As with most of my favourite books, Unseen found me, rather than the other way around. A few months ago I was searching the app of my local radio station for ‘Crohn’s’ hoping to come across interviews that would help me understand more about this disease as I go through my own process of diagnosis. An interview with Jacinta Parsons appeared and I immediately listened, captivated for an hour. Obviously the interview was to promote the book, but at the time I didn’t pay much attention to that (my reading took such a nose-dive in the second half of 2020, I thought my beloved hobby would never come back up for air!) It wasn’t until a friend texted me, ‘Read this?’ with a photo of a review that I was spurred into action and straight away made a request from the library.
There’s nothing like a good book to get you reading again, and after sitting down yesterday morning to start this one, I’ve devoured it in two sittings. The first five or so chapters had me in tears, with recognition that can only come from a shared, lived experience. Although there are significant differences in the details of our illness and symptoms, there are so many similarities – the first stages of feeling unwell; the emotions; learning to navigate the health system; the way being sick affects relationships with friends, family, work and life. Each stage is so well described that I think the book serves the sick and the well equally – the former to feel seen, and the latter to open their eyes and hearts to a state they will hopefully never experience. Here’s an example:
Before we have a name for our illness, before a diagnosis is made, we are made to feel shame because people might think we’re faking it. Or making too much of it. Or it is our fault. There is a deep societal suspicion of ill people, codified in ‘helpful’ remarks: ‘Should you change your diet?’ ‘Have you tried acupuncture?’ It is made clear to us through these covert comments that illness can be fixed and it’s our responsibility to fix it. If we don’t, if we are not seen to be working hard enough, or we complain too much, the world very quickly tires and points the finger of responsibility back at us: ‘So, what are you doing about it?’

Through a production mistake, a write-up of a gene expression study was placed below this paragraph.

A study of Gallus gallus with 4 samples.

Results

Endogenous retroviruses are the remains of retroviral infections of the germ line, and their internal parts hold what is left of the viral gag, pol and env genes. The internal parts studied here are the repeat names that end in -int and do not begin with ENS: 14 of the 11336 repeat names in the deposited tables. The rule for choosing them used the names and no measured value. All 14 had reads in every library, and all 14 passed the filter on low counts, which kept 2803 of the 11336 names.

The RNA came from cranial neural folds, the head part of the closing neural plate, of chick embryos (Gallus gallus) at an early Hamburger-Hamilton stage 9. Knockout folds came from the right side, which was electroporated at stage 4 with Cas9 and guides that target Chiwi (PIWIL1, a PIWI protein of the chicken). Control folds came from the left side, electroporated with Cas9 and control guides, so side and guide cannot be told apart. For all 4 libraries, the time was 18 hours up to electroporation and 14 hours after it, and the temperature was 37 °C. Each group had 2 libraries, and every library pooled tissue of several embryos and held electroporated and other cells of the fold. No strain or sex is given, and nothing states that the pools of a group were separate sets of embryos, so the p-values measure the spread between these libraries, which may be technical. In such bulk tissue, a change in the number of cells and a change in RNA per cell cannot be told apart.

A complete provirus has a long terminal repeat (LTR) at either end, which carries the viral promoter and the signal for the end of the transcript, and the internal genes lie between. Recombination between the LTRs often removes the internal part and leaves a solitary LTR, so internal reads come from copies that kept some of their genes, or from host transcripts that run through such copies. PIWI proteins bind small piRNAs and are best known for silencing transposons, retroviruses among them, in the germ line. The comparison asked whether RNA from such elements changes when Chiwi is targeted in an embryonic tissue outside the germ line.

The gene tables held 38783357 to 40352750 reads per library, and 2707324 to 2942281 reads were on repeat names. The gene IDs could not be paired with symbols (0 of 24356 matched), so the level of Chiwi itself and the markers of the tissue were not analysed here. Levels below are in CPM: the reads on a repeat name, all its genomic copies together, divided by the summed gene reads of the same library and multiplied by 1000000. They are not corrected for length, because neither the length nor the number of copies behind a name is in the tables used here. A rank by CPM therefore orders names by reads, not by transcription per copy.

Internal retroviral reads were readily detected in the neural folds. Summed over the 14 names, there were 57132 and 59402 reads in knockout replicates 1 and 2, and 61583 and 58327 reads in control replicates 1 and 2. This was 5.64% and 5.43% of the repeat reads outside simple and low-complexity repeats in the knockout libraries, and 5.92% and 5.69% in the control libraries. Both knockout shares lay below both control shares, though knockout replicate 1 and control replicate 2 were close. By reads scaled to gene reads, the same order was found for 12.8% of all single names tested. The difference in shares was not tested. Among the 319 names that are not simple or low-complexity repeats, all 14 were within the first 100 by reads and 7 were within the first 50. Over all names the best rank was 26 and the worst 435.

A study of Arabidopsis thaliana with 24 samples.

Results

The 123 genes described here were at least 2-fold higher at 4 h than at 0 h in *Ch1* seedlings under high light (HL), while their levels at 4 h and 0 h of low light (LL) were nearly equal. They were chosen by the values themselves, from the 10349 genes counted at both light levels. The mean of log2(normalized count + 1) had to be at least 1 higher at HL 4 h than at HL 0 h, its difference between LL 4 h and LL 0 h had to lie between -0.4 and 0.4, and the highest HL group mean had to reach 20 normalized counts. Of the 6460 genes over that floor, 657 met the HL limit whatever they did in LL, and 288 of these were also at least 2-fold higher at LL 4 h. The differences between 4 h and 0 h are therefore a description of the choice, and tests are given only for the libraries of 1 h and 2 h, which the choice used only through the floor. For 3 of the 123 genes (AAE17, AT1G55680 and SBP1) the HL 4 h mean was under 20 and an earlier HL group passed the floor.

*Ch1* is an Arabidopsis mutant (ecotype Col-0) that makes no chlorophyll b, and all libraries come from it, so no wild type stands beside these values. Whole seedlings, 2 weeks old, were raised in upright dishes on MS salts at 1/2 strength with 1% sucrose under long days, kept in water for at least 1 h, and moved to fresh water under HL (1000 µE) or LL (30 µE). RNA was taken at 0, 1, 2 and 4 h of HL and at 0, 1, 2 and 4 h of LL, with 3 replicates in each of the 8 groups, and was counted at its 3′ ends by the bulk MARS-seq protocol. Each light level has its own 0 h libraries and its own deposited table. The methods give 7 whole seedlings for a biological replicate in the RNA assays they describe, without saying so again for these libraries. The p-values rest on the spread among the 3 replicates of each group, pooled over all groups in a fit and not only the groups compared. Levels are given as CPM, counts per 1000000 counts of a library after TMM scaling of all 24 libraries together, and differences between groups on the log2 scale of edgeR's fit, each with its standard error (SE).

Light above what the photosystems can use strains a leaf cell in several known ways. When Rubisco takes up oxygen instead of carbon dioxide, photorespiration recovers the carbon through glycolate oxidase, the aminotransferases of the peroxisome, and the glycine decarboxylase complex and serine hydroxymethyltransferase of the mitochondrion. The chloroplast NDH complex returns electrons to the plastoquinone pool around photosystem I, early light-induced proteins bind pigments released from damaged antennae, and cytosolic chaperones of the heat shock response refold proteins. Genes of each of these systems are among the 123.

Parsons is a lot further along in living with this disease, having been diagnosed around 20 years ago, so from about Chapter 6 onwards I did not personally identify as much with the writing, but was still just as affected by reading it. The rest of the book lays out the details of trial and error treatments, surgeries, becoming isolated from the world, struggling to accept the inevitable identity shift that comes with a sudden and brutal life change, and eventually some light at the end of the tunnel. You can’t help but feel sorrow and joy alongside the author as she bravely shares some of the most intimate aspects of her life. I’ll admit there were more ‘leaky eyes’ during this part of the book, this time fuelled by compassion rather than self-pity.
While the author is quick to point out that the progression of illness is not linear – for most people don’t just get sick, get diagnosed, find a treatment, and live happily ever after – the book is organised in a very logical way and each chapter follows seamlessly from the one before it. The writing is clear and concise, yet there is a lot of heart. The intertwining of personal account, facts and data, and the voices of other people with illness or disability as well as those in the medical field helps to maintain the reader’s interest and gives depth to the author’s story.
Advocacy for people with illness and disability is part of the reason this book was written, and I hope to see more and more books like this, to build understanding and compassion, to shift some outdated societal norms, and to make the world better for everyone.